The term ‘complementary and alternative medicine (CAM)’ covers any medical and healthcare practice that is not part of mainstream or conventional medicine
There are many types of CAM. A few have been well researched and have some scientific basis, while others are based on a range of theories that are not supported by current scientific knowledge. Some forms of CAM—e.g. Chinese/herbal medicines and vitamin supplements — should always be avoided by anyone with kidney disease. Others (e.g. massage, meditation) are unlikely to do you any harm and may help you to cope better with your symptoms. It has been found in some cases that acupuncture can reduce pain, and meditation can help to reduce blood pressure.
There is a helpful description of the various CAM disciplines in the Sixth Report of the House of Lords Science and Technology Committee (2000).
For a list of CAM professional bodies, go to the website of the Research Council for Complementary Medicine.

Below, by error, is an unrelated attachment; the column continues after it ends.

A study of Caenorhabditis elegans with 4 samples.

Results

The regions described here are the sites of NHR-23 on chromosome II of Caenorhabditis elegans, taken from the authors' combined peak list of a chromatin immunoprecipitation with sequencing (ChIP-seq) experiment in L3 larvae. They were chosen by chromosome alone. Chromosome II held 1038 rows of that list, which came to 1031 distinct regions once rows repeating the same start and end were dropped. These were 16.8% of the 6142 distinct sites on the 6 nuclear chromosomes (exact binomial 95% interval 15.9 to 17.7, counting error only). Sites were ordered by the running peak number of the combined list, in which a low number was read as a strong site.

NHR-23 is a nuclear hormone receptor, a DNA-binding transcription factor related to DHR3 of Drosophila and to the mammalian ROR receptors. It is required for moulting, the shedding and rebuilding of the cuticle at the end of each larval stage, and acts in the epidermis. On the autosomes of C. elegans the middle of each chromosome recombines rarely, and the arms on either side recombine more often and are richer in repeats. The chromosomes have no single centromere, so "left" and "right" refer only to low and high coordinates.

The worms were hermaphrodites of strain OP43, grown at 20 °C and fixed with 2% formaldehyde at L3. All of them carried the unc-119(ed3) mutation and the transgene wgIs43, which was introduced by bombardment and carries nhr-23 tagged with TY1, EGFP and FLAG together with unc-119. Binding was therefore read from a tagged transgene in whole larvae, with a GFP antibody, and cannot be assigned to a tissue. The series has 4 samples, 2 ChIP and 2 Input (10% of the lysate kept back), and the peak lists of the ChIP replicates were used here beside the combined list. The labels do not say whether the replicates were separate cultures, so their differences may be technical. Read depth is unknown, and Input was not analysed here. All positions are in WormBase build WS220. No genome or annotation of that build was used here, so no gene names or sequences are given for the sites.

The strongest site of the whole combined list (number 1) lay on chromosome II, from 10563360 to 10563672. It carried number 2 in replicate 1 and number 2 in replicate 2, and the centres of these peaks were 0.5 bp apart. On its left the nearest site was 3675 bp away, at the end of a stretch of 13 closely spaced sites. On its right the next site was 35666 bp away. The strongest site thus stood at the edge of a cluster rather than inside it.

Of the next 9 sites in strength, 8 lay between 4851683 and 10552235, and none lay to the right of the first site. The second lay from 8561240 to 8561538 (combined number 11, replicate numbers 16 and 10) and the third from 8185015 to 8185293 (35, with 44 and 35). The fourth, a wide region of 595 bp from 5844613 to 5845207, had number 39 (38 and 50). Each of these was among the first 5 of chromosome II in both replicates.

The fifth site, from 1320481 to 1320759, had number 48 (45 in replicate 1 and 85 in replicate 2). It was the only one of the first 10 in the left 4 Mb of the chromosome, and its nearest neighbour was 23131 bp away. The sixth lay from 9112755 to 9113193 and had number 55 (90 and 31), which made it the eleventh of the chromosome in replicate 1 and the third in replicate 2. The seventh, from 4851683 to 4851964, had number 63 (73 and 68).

Written by: Hannah Bridges
With thanks to all those affected by ADPKD who contributed to this publication.
Ref No: ADPKD.CAM.2014
© PKD Charity 2014
First published October 2014
Due to be medically reviewed in 2021
Disclaimer: This information is primarily for people in the UK. We have made every effort to ensure that the information we provide is correct and up to date. However, it is not a substitute for professional medical advice or a medical examination. We do not promote or recommend any treatment. We do not accept liability for any errors or omissions. Medical information, the law and government regulations change rapidly, so always consult your GP, pharmacist or other medical professional if you have any concerns or before starting any new treatment.